Scott Carter’s Blog Carter’s Corner
Crawford talking to ESPN with shaving cream on his face following his no-hitter Friday night.
A no-hitter remains one of the sports world's most exciting moments. By the time the final batter steps to the plate, everyone in the stadium is standing in anticipation of history.
That was the case on Friday night at McKethan Stadium when Florida right-hander Jonathon Crawford faced Bethune-Cookman's Carlos Delgado with two outs in the ninth inning.
I've spent an unusually large chunk of my life in baseball press boxes and Crawford's no-hitter is the first I've covered in person. The only other one I've seen live was a combined no-hitter by Braves pitchers Kent Mercker, Mark Wohlers and Alejandro Pena in 1991.
That no-hitter against the Padres came just a few months after the last no-hitter in the NCAA Tournament prior to Crawford's – former Gator right-hander John Burke's no-no against Furman.
I found it quirky on a personal level that Delgado made the last out of the game Friday – Gators second baseman Casey Turgeon leaping to rob Delgado of a hit. Prior to Friday night, Carlos Delgado – the former major-leaguer – was responsible for one of my most memorable nights covering the game.
I was in Toronto for a meaningless Devil Rays-Blue Jays game at the SkyDome in late September 2003.
Delgado hit four home runs that night, the last major-leaguer to do so until earlier this season when Texas slugger Josh Hamilton cranked four home runs out in Baltimore.
No-hitters instantly wake history the way Johan Santana did on Friday, throwing the first no-no in the 50-year history of the New York Mets.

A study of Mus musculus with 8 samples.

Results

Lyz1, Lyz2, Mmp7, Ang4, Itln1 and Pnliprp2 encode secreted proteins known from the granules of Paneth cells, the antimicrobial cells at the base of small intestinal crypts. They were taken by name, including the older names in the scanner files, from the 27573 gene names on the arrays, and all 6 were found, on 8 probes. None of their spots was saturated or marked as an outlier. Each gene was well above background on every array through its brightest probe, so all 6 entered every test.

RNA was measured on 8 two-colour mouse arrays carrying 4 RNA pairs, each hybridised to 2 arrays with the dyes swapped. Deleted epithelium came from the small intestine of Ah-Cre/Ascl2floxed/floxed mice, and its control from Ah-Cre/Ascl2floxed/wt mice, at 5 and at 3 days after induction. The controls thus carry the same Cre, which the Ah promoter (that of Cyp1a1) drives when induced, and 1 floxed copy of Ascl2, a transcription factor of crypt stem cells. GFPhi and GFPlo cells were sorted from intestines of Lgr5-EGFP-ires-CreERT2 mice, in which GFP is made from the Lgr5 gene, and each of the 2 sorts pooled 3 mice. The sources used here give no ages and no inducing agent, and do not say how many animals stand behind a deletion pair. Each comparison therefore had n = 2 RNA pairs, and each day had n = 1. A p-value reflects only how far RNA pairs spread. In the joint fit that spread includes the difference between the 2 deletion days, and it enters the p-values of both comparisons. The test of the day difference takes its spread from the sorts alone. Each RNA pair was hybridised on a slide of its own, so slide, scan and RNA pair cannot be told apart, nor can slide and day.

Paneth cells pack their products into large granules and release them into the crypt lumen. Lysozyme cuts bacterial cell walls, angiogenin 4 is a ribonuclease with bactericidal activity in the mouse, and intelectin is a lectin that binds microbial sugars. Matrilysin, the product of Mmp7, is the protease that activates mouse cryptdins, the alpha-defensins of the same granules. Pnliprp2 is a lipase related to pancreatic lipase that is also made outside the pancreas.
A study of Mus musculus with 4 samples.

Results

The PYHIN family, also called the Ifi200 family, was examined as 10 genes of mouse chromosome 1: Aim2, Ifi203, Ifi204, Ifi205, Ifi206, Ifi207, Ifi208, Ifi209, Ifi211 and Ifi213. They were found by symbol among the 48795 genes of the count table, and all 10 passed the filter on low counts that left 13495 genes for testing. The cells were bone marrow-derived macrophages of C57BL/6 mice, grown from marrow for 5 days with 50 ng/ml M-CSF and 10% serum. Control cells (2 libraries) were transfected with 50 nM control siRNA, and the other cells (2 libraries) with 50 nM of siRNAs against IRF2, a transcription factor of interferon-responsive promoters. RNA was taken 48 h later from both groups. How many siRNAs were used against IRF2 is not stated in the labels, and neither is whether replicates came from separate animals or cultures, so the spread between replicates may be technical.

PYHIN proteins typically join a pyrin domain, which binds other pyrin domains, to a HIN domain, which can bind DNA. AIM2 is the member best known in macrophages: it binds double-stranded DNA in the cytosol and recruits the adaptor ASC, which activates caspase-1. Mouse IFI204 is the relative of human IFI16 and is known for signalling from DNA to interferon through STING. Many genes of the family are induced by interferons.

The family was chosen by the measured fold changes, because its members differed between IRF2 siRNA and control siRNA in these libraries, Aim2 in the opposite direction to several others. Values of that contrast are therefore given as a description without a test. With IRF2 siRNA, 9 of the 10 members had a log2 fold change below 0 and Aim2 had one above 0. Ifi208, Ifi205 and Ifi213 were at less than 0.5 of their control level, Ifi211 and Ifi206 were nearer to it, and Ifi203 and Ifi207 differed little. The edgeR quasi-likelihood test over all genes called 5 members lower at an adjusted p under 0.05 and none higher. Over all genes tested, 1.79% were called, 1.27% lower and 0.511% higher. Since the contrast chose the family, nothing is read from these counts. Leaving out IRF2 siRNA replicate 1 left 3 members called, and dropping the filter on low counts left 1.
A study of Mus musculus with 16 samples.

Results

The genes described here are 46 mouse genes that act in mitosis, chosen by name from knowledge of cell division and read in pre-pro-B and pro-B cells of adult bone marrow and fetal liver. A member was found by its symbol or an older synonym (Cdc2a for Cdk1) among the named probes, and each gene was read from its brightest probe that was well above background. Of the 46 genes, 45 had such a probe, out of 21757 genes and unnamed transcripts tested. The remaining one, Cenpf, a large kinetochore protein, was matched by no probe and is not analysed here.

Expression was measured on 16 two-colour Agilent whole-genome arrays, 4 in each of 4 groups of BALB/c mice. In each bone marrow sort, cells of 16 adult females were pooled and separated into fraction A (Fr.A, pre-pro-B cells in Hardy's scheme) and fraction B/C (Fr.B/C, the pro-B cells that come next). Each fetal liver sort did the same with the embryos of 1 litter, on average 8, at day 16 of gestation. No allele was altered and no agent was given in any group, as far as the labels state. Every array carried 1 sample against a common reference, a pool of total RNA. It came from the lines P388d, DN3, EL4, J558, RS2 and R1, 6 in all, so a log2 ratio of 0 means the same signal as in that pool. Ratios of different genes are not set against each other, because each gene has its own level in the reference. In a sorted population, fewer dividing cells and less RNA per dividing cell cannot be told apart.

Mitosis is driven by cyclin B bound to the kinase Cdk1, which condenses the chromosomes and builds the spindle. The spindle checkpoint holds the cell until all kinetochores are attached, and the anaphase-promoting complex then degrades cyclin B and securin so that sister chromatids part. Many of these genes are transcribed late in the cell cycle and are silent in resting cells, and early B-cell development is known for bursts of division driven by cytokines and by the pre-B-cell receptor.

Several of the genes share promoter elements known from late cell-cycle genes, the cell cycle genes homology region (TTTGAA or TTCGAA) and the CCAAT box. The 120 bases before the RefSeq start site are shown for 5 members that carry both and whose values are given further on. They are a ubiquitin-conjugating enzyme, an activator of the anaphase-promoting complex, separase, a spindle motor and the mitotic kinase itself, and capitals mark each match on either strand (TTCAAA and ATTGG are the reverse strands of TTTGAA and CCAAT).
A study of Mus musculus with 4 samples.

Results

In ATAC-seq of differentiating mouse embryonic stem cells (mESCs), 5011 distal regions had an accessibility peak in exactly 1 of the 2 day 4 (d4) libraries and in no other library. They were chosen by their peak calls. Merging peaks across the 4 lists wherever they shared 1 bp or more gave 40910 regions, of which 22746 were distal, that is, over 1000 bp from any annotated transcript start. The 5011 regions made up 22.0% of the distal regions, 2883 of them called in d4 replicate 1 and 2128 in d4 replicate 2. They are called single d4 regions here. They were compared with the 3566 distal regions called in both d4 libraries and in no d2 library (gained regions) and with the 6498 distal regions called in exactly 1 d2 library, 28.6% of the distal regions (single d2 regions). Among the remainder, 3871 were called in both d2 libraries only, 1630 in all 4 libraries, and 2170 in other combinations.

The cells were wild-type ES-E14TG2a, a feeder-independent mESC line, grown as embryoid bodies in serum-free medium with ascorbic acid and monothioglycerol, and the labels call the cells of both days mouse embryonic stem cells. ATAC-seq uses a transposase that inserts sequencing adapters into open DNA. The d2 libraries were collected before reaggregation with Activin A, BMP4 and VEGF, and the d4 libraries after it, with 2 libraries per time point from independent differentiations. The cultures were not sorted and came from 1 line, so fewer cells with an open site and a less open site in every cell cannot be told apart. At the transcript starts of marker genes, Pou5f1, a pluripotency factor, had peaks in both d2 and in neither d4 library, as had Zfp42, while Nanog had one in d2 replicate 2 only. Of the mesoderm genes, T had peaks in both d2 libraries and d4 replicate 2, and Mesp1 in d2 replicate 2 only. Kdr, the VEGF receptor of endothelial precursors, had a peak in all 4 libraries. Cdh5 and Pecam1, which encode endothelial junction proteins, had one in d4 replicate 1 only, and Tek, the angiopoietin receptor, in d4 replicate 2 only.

Gator fans will remember Crawford's gem in future years the way Mets fans will recall Santana's. That's what makes no-hitters so special.
Here are some interesting notes on Crawford's performance Friday night:
--He needed only 98 pitches in what Bethune-Cookman coach Jason Beverlin simply called a "dominant" performance. Crawford threw 19 first-pitch strikes to the minimum 27 hitters he faced.
--Gators coach Kevin O'Sullivan said he stayed out of the way, allowing junior catcher Mike Zunino to call the game from the seventh inning on. O'Sullivan, who added that he hasn't called more than 50 percent of the pitches in any game this season, estimated he maybe called 10 on Friday night. That's how well Crawford and Zunino were working together.
--The three hardest balls the Wildcats hit were right at people: Nick Johnson's liner to Gators left fielder Justin Shafer to lead off the sixth, Brandon Turner's liner to right fielder Preston Tucker with one out in the seventh, and Delgado's line drive that Turgeon snagged.
--This nugget from ESPN Stats & Info is a gem: The last time there was an NCAA postseason no-hitter – Burke's on May 23, 1991 – there was also a no-hitter in the majors by the Phillies Tommy Greene against Montreal.
--There have been just seven no-hitters in the history of the NCAA Tournament and Florida is the only school with two – the last two. For more perspective, the only two NCAA Tournament no-hitters in the last 38 years took place at McKethan Stadium.
--Crawford got stronger as the game progressed. He is clocked regularly in the mid-90s on the radar gun, but in the ninth inning Friday, he was clocked at 98 mph on at least four different pitches.
--Crawford started the season as Florida's No. 4 starter after not even making last season's postseason roster. He said Friday that he used mostly his fastball and slider, mixing in a curveball and throwing one change-up.
--O'Sullivan is known for his pitching acumen as a former catcher and longtime pitching coach who has worked with several top prospects over the years. However, he said Crawford's no-hitter was the first he has experienced in coaching.
--Crawford retired 13 batters on ground outs, eight on fly balls/line drives, five by strikeout and Jake Welch, the only B-CU base runner when he walked in the third, was thrown out stealing by Zunino.